Porcelain is a type of ceramic material that is characterised by its hardness, whiteness, and translucency. It is made from a mixture of kaolin (a type of clay), feldspar, and quartz, which is fired at high temperatures (around 1200-1400°C) to produce a hard and dense material.

Chinese Porcelain

The discovery is believed to have originated in China during the Tang Dynasty (618-907 AD). However, it was not until the Song Dynasty (960-1279 AD) that porcelain production became widespread and well-developed. Chinese porcelain became highly prized and was exported to many countries along the Silk Road, including the Middle East and Europe.

The process of porcelain production was a closely guarded secret in China, and it was not until the 18th century that European potters were able to successfully replicate the process. The discovery of kaolin in Europe revolutionised the pottery industry and had a significant impact on European trade with China.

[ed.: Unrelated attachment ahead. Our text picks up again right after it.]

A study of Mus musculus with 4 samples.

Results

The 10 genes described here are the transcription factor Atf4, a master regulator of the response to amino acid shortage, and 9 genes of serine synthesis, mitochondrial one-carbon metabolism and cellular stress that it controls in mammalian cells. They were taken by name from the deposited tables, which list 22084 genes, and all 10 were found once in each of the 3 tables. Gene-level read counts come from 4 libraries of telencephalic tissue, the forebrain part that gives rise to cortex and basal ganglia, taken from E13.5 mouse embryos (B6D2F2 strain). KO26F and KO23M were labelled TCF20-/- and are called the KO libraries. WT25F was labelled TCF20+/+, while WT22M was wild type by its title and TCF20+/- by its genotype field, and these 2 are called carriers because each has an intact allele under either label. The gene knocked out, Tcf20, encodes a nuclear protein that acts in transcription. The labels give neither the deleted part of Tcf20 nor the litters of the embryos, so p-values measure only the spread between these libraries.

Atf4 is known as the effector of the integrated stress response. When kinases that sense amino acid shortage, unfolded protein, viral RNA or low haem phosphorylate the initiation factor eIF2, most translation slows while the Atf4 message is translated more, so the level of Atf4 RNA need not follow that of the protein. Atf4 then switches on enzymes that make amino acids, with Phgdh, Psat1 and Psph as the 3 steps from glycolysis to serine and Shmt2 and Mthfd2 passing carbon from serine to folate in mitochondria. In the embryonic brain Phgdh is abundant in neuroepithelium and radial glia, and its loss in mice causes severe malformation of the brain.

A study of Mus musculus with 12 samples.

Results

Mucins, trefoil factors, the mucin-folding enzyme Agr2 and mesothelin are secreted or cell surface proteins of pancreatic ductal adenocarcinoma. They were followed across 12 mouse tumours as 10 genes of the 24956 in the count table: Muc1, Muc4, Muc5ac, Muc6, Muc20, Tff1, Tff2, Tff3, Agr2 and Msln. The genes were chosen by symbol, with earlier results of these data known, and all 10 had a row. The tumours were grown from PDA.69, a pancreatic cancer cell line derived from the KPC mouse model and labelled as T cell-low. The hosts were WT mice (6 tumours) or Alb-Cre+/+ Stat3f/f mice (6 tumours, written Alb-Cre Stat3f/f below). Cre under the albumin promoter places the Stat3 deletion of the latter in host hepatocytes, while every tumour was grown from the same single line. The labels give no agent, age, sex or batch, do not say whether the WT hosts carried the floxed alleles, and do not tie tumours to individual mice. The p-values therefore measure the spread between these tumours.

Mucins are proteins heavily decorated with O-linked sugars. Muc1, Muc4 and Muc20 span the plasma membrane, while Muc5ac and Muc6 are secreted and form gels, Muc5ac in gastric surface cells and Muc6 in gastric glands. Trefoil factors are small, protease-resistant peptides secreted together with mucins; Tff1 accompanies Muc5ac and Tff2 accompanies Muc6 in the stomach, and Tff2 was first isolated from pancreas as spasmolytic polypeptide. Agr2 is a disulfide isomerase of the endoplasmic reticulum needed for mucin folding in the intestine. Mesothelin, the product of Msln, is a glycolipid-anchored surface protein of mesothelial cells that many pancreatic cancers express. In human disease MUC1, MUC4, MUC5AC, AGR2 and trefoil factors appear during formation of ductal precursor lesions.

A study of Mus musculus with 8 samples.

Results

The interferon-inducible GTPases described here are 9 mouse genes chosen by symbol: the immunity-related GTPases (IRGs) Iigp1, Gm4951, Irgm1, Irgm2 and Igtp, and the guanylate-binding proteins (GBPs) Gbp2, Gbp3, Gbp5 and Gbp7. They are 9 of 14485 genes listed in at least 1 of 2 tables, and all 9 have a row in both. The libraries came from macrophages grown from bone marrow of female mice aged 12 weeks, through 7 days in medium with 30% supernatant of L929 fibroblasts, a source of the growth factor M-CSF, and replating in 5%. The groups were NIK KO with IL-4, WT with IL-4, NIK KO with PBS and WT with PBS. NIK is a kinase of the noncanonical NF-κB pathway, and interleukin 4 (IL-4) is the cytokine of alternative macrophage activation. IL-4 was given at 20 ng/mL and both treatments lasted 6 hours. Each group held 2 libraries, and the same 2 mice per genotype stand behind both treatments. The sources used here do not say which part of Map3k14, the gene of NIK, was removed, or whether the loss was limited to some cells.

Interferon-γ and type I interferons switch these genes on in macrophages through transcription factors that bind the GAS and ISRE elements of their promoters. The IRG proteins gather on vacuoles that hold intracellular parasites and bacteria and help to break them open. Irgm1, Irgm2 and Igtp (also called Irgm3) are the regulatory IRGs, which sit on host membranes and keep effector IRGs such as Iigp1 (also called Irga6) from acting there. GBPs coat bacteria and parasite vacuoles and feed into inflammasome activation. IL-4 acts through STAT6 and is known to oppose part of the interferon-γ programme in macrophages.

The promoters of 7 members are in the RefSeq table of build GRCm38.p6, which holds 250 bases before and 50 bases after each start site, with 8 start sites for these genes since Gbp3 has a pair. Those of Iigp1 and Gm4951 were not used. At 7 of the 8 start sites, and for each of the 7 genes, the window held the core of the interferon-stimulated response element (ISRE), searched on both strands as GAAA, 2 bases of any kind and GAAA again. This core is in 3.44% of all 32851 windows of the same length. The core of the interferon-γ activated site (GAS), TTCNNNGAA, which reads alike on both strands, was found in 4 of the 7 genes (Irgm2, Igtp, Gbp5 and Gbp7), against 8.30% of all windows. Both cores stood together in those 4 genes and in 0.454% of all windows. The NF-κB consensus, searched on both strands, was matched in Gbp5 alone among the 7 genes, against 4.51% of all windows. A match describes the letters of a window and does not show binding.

European Porcelain

Meissen is generally credited with being the first European factory to discover how to make ‘white gold’. In the early 18th century, the Saxon ruler Augustus the Strong ordered that a secret formula for making porcelain be found, as he wished to break the Chinese monopoly on the prized material.

After many years of experimentation, a young alchemist named Johann Friedrich Böttger, working under the direction of the mathematician and philosopher Ehrenfried Walther von Tschirnhaus, succeeded in producing hard-paste porcelain at Meissen in 1708.